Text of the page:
It comes as the PBFA works to prevent the adoption of new draft trading standards guidance, which would prevent plant-based products from using dairy-like descriptor terms such as “m*lk”, “alternative to cheese”, or “yogurt-style”.
“We have been fighting the proposed guidance to restrict plant-based labelling for over a year now and we will continue to do so, because we believe that the Government should be doing all it can to promote the sector rather than hinder it,” said Marisa Heath, PBFA CEO.
Quorn was originally founded to provide food security; scientists recognised as far back as the 1960s that meat would not be able to meet the protein demands of a growing population, and their research eventually led them to develop the mycoprotein used in Quorn. Since its commercial launch in 1985, the company has continued to promote sustainability, using strategies such as regenerative farming and environmental documentaries.
“Quorn is such an excellent example of a company using the power of science to come up with sustainable solutions to global crises. We know that policymakers will take notice of what Quorn has to say as a member of the Alliance going forward,” Heath said.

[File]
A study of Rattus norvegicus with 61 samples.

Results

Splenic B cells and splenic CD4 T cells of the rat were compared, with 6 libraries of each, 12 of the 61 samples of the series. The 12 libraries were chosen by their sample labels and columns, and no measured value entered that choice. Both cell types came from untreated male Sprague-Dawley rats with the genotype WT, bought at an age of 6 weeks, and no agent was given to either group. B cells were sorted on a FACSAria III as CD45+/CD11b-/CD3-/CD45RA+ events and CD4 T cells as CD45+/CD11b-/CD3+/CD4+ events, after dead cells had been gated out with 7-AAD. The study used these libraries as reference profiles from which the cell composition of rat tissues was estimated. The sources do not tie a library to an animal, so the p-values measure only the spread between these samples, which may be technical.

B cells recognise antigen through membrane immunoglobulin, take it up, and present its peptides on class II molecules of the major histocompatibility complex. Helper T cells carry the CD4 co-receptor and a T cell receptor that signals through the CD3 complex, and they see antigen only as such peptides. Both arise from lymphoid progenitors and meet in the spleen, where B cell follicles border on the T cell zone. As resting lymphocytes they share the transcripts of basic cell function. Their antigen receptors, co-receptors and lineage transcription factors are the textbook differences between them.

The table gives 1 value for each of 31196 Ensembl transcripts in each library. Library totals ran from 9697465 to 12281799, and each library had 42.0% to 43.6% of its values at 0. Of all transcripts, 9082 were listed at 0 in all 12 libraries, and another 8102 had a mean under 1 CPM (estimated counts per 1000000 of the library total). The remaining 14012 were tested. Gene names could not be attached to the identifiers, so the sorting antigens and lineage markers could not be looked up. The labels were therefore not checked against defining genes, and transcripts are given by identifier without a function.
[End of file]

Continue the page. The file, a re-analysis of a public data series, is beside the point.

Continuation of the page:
Negotiating for plant-based eating
PBFA UK was founded in 2021, with the aim of providing a voice for the country’s growing plant-based sector. The organisation said it would campaign for policies such as public health campaigns promoting the benefits of plant-based diets and environmental labelling on food packaging.
Last year, PBFA UK called on the country’s government and citizens to tackle climate change by reducing the number of animal products consumed, as the country was hit by record-breaking heatwaves. The organisation had previously criticised the UK government’s Food Strategy White Paper, calling it a “missed opportunity” to exploit the sustainability of plant-based foods.
“It’s fantastic to have such a strong player in the market like Quorn join us in our push for policies that promote plant-based eating in the UK,” said Heath. “There is so much the Government can do to encourage climate-friendly diets – in the form of trade, public procurement, research, marketing, as well as regulation – and we really need the big plant-based companies by our side as we negotiate our way there.”